Shares in Burberry (LON:BRBY) have tumbled about 10 percent in today’s session, as the luxury goods retailer unveiled plans to shift further upmarket under new chief executive Marco Gobbetti, with the move set to trigger higher restructuring costs. The news comes after the company recently announced that Christopher Bailey will step down from his role as president and chief creative officer next year.
As of 10:11 GMT, Burberry’s share price had given up 10.73 percent to 1,772.00p, underperforming the benchmark FTSE 100 index which is currently 0.05 percent down at 7,525.78 points. The group’s shares nevertheless remain more than 23 percent up over the past year, as compared with a near nine-percent rise in the Footsie.
Burberry announced a strategy update this morning, unveiling plans to “establish position firmly in luxury”. As part of the new strategy, the blue-chip retailer plans to ‘rationalise’ non-luxury wholesale and retail doors, will refurbish stores and enhance its luxury service. The company will further look to attract customers with new luxury leather goods and accessories.
“By re-energising our product and customer experience to establish our position firmly in luxury, we will play in the most rewarding, enduring segment of the market,” the group’s new chief executive Marco Gobbetti commented in the statement.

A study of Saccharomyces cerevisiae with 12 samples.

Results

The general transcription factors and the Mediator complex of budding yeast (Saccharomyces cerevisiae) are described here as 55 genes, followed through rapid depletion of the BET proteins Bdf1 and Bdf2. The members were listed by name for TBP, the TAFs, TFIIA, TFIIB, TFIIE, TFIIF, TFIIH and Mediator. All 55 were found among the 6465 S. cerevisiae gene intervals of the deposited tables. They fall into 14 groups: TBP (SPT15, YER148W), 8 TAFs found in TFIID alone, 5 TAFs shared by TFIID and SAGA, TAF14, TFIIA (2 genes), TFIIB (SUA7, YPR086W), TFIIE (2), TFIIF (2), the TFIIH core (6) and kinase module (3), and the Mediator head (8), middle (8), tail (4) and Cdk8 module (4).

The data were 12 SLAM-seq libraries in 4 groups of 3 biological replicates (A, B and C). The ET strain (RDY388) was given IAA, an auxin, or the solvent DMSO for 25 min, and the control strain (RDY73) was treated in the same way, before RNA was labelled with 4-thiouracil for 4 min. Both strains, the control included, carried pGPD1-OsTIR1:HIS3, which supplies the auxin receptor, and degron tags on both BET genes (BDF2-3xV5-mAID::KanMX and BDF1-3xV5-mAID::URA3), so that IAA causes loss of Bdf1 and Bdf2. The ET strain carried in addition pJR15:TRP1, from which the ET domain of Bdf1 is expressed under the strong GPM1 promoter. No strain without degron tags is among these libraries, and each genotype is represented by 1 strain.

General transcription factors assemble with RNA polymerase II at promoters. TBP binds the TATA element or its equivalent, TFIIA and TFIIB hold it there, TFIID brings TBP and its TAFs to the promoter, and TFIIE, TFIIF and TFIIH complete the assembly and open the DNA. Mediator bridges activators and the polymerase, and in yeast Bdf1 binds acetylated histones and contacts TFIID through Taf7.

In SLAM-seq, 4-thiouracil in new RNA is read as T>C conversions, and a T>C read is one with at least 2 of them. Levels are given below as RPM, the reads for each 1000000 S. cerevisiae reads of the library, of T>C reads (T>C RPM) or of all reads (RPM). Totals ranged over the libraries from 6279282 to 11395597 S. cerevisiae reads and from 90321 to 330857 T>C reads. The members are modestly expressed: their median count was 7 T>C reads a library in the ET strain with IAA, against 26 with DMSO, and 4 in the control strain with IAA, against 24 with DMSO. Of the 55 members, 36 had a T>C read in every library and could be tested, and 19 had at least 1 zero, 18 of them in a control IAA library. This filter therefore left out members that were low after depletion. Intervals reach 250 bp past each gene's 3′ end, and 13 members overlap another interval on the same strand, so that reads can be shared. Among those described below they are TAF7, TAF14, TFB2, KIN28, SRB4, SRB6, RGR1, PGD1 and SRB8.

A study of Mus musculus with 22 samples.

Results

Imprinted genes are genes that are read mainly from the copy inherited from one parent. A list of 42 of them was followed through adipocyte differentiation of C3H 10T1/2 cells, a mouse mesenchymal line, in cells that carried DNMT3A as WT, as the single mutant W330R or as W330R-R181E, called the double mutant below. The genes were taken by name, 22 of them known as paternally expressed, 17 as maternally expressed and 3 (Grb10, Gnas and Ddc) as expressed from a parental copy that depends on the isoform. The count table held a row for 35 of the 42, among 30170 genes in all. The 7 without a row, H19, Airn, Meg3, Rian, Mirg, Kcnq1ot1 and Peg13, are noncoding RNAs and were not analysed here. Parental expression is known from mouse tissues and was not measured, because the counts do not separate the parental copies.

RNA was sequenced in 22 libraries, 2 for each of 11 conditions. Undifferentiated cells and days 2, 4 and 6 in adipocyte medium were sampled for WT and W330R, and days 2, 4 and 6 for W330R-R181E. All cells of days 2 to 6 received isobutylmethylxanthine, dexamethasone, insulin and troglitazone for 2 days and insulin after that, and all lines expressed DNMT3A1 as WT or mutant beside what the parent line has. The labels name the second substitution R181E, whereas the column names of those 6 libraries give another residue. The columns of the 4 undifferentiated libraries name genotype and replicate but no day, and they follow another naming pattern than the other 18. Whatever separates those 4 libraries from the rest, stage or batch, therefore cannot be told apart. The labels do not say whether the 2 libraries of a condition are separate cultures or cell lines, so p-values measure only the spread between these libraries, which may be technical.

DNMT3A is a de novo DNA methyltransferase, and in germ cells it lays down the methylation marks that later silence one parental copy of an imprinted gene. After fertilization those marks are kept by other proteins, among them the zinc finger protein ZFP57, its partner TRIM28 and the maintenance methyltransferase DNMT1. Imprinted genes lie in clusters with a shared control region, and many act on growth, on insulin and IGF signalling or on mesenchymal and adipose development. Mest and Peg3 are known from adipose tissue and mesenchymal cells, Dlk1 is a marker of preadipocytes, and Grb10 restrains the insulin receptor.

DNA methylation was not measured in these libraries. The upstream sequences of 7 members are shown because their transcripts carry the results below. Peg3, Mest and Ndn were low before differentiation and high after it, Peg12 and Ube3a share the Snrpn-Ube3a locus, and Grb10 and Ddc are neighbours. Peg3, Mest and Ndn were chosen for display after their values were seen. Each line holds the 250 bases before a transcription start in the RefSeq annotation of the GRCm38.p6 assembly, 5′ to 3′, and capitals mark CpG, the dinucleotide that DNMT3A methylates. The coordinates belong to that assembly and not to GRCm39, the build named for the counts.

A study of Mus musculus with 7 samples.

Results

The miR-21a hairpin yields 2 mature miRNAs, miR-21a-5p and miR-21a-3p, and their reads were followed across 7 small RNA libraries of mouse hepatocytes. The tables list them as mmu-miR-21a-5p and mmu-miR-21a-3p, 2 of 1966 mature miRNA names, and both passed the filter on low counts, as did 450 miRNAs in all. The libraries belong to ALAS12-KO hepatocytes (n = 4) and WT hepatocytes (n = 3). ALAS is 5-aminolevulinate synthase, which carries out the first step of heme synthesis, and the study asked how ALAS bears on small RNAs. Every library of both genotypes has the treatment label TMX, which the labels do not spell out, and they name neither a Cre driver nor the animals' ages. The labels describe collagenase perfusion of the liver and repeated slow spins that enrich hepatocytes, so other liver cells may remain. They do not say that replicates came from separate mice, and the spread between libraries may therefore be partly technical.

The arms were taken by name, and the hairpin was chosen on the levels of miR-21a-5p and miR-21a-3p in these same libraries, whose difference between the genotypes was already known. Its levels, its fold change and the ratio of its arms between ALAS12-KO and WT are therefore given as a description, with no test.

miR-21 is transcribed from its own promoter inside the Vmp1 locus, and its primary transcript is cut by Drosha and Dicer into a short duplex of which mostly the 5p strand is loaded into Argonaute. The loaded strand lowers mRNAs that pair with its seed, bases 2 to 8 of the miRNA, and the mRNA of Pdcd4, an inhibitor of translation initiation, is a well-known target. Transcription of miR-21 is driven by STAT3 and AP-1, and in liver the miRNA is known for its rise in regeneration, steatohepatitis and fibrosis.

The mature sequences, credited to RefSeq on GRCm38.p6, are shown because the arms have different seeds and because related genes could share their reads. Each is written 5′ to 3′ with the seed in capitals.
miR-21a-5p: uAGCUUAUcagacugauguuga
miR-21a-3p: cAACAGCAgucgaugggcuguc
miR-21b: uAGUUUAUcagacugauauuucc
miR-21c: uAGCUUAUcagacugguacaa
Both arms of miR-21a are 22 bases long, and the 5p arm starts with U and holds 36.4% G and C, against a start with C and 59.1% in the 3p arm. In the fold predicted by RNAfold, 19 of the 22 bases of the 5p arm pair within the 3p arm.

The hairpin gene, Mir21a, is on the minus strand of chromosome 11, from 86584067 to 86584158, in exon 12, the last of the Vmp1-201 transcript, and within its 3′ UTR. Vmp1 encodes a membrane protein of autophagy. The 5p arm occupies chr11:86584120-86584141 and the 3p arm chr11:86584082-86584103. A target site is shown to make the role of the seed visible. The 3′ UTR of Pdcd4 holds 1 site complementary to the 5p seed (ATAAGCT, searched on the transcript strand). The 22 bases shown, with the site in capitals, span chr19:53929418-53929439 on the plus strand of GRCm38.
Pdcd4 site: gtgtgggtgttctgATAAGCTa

Reuters noted in its coverage of the news that the retailer’s chief financial officer Julie Brown had told reporters that total restructuring costs would increase to £110 million, from £60 million previously.
“Burberry’s premium valuation already discounts an overly optimistic view on brand turnaround potential, of which visibility is still limited,” Bank of America Merrill Lynch analysts led by Ashley Wallace said in a note, as quoted by Bloomberg.
Burberry updated investors on its half-year performance in a separate statement, reporting that its underlying revenue had climbed four percent to £1.26 billion, while adjusted operating profit had come in 17 percent higher at £185 million.
The company further reported that its free cash flow had climbed to £171 million during the reported period, from £75 million a year ago, and lifted its payout to shareholders five percent to 11.0p.